O’Maley presentations highlight elective programs


Caroline Enos

Jenna Taormina and Katelyn Moore tell eighth graders about cool it is to be a reporter for this awesome online newpaper


Students from each department presented to O’Maley eighth graders on Tuesday about the unique and abundant opportunities GHS classes allow students.

“We are excited to get you affirmated to the classes and academic programs in the high school,” said Vice Principal Maria Lysen during the presentation. “It’s a really big step from middle school to high school. It’s a lot work and stress, but we are a big family and take care of everyone here.”

Thirty-seven students from various classes and electives, including the language and science departments, gave eighth graders a description and first hand experiences about the paths available at the high school.

“What kind of a science student are you?” said science program leader Rachel Rex to students.

Students from the science department then described the difference between the traditional approach to the subject- chemistry and biology- and the non-traditional approach- technology and engineering and robotics- and the reasons why both routes are valid to take in high school.

Members of the JROTC described why they decided to join the program, and eighth graders were told that joining the program was not solely for those who plan on entering the military.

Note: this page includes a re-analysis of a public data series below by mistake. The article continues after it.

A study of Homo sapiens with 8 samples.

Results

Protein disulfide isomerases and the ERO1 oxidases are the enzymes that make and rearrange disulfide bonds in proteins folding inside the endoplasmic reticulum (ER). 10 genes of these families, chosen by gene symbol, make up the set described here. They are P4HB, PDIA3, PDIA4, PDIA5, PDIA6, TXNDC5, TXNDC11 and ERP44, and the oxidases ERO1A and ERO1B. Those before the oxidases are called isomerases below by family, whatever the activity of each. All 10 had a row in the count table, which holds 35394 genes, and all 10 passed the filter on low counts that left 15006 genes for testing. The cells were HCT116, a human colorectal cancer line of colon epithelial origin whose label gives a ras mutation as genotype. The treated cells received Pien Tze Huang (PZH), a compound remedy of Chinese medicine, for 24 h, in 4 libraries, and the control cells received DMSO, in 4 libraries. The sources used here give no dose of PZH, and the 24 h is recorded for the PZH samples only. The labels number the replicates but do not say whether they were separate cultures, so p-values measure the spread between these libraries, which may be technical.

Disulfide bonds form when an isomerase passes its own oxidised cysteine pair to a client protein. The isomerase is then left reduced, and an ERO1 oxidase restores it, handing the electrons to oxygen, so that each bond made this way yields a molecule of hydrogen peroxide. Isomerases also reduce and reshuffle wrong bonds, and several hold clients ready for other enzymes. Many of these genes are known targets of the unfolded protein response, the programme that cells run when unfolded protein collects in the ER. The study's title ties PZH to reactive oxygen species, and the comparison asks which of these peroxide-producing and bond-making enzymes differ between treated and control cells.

“JROTC is a leadership class, as well as a citizen class,” said Richard Muth.

The language program highlighted the essence and benefits of taking a language, and described the cultures and beauty of the countries they have visited through the program.

“Two German students are sent to Germany each year for free,” said German student Jacob Belcher. “I went last year and the wonderful people I met and the experience I had changed my life.”

Other departments presented as well, and each elective was represented during the presentation. They described the jobs you can get through the program while still in high school and talked about the student led atmosphere of the classes.

“You don’t have to be a brainiac,” said technology and engineering Chris Jaques. “Anything you think of you can make.”

“Everything matters in high school,” emphasized guidance counselor Paula Gray.

Regardless of what path incoming freshmen will take, every GHS course will allow every student to succeed in high school.